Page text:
In a wee hamlet tucked between the rolling hills and jagged peaks of the Scottish Highlands lies a small anonymous grave. In it rests a child who was the un-named firstborn, son and heir of Maharajah Duleep Singh....
Sikhs and dignitaries arriving in the misty weather at Kenmore Village
In 1865, the deposed King of the Sikhs, Maharaja Duleep Singh, buried his firstborn son, barely one day of age, in the churchyard of Kenmore, Perthshire.
This infant, who did not survive even long enough to be given a name, was the grandson of Punjab’s greatest lion, Ranjit Singh.
It was to this solemn place that I, along with many other adventurers, had the honour of travelling to yesterday (Friday, September 7, 2012).
Amongst our cortege was Bhupinder ‘Peter’ Singh Bance, an intrepid historian and biographer of Duleep Singh and his family, who regaled us with this extraordinary tale.
Kenmore village in the 19th century
‘Following the fiercely fought Anglo-Sikh wars the Punjab was annexed by the British,’ we were told. ‘Duleep Singh, the young Emperor, was relocated to Scotland at the behest of the mentor appointed by his captors - Sir John Login. It was here in Scotland that he earned the moniker, ‘The Black Prince of Perthshire’ and, amongst other things, set a record for grouse shooting that is yet to be bested.’
Journeying through that rugged landscape - more akin to the setting of Braveheart, than the resting place of the heir to the great plains and rivers of Punjab - we arrived at the village of Kenmore flanking Loch Tay.
The fatigue of a 8-hour journey evaporated immediately upon arrival as we were warmly greeted by the locals - clan leaders, parishioners, ex-servicemen and school children. Amongst the throng, people craned their necks to get a glimpse of the grave – and the oblong marble stone above it that is inscribed with the words:
‘To the memory of the infant son of the Maharajah Duleep Singh, late ruler of the Sikh Nation, Punjab, India and the Maharanee,his wife. Born 4th August 1865. Died 5th August 1865.’
The Prince's grave in 1870s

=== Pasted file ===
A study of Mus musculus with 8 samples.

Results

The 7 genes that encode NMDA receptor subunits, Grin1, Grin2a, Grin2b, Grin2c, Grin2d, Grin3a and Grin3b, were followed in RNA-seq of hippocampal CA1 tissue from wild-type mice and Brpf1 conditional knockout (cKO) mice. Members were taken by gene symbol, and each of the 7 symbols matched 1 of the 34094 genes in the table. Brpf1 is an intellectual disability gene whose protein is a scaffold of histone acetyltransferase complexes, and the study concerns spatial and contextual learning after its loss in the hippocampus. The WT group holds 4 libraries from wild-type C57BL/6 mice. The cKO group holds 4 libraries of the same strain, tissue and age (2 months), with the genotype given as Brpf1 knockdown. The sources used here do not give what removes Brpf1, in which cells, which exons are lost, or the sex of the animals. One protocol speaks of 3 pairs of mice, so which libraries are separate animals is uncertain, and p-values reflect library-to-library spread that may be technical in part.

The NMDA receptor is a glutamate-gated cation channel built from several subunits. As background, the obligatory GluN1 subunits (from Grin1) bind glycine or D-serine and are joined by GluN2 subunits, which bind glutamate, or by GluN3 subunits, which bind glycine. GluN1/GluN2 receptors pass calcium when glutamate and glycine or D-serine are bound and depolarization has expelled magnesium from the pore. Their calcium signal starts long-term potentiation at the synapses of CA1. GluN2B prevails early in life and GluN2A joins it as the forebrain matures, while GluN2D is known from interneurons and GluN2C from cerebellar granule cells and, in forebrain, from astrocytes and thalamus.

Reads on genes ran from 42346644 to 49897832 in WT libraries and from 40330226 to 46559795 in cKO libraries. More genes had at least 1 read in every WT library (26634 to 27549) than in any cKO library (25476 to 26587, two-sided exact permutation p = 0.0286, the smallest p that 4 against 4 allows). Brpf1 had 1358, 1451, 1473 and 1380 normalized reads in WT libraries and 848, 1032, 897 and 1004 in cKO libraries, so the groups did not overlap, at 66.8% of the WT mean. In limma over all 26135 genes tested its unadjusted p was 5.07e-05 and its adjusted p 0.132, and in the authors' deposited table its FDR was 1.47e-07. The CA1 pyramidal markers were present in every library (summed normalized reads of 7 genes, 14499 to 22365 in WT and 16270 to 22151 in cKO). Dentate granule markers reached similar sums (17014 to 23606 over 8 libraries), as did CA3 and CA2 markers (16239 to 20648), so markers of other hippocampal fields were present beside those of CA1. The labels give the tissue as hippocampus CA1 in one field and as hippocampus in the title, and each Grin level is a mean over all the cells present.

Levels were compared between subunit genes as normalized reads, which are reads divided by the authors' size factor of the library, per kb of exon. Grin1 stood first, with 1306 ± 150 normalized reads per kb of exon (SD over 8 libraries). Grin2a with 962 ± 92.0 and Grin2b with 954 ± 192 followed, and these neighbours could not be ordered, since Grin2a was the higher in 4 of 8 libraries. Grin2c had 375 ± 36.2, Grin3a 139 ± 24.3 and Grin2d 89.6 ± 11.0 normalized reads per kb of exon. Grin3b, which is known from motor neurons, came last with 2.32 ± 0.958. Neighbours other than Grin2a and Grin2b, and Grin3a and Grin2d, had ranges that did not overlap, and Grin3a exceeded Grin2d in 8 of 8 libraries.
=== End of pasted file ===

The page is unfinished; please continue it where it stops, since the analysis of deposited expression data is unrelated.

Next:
A service to mark the restoration of this site by the Anglo-Sikh Heritage Trail, Kenmore in Bloom and Kenmore Parish Church, began with an address by Rev. Ann Brennan of Kenmore Parish.
‘This here is the story of more than just a stone,’ she said. ‘For many years no one understood the significance of this site, but today we see the importance of this place to Sikhs and to Scots alike.’
Next, wreaths were laid by all, including James Rattray whose great grandfather raised the famous battalion of Sikhs to which he lent his name; the Sikhs of Scotland; and the school children of Kenmore.
Then, in keeping with Scottish tradition, a solitary bagpiper began a lament to this lost prince of the Sikhs. As the ethereal wail trailed off, a rousing jaikara reverberated through the village and a chorus of “Sat Sri Akaal” echoed in the hills that surrounded us.
Retiring to tea, Harbinder Singh of the Anglo-Sikh Heritage Trail talked of Anglo-Sikh relations which reflected the legacy of the tragic life of the Duleep Singh family, reading from a letter by the late Lt. Col Burridge, a former commander of Rattray’s Sikhs.
‘No race looked finer on parade than the Sikhs, and though raised in 1846 they, along with all Sikh battalions, stood firm during the Mutiny,’ the letter read, ‘and because of such greatness we were selected to be the guard of honour at the 1943 Tehran Conference in the presence of Churchill, Roosevelt and Stalin.’
Peter Bance then related to all assembled the narrative behind how the grave was re-found:
‘The Kenmore grave, lost to history for over a century, once again came to light in 1997. Having published a newspaper article on Duleep Singh, writer of 'The Maharaja’s Box’, Christy Campbell, received a response from a local Kenmore resident, Allan Walker. Allan claimed to know of a grave of a certain Duleep Singh. He sent us a picture of the grave and it looked familiar. I couldn’t put my finger on it though, until I was going through a Duleep Singh photo album I had acquired some time before. In this album was the original photo of the grave, taken around the time of the funeral. This discovery was of the utmost importance and rightly has put Kenmore on the world map, becoming the final resting place of the heir to Punjab.’
Councillor Sohan Singh of Glasgow also spoke of the grave and of the importance that such links have in creating cohesive communities.
‘This is as important for Scotland as it is for Sikhs. Such shared heritage is a way to foster greater links between all our communities, giving us the tools to work together to create a better society for all.’
I think it is appropriate to end with the words of Harbinder Singh who at the graveside had struck a deeply emotional chord by reading from the epilogue of Navtej Singh Sarna’s ‘The Exile’, a passage relating to the grave of Duleep Singh himself, which sits outside his palace, Elveden Hall, in England:
‘But there he lies, in a grave, in a cold wet land, far away from his people. Sometimes there is a flower on his grave, or even a fading bouquet. But mostly there are only brown fallen leaves that rustle in the wind.
‘And his memory will fade. His eight daughters and sons too are gone and not one of them left an heir. Perhaps this too was written. Or perhaps there was an imperial design. After all, it is known that Queen Victoria ordered the wife of Victor never to have children. Perhaps our Punjab was to be left only with the memory of a Maharaja-in-exile. Only with a story to be told around winter bonfires.’
‘Yet,’ said Harbinder Singh, as we stood amongst those silent hills, ‘here we are. This story has not yet been relegated to the annals of history. It is alive.’
BY RANJIT SINGH SHAHI
It is really very sad to see the grave of Maharaja Duleep Singh of Punjab.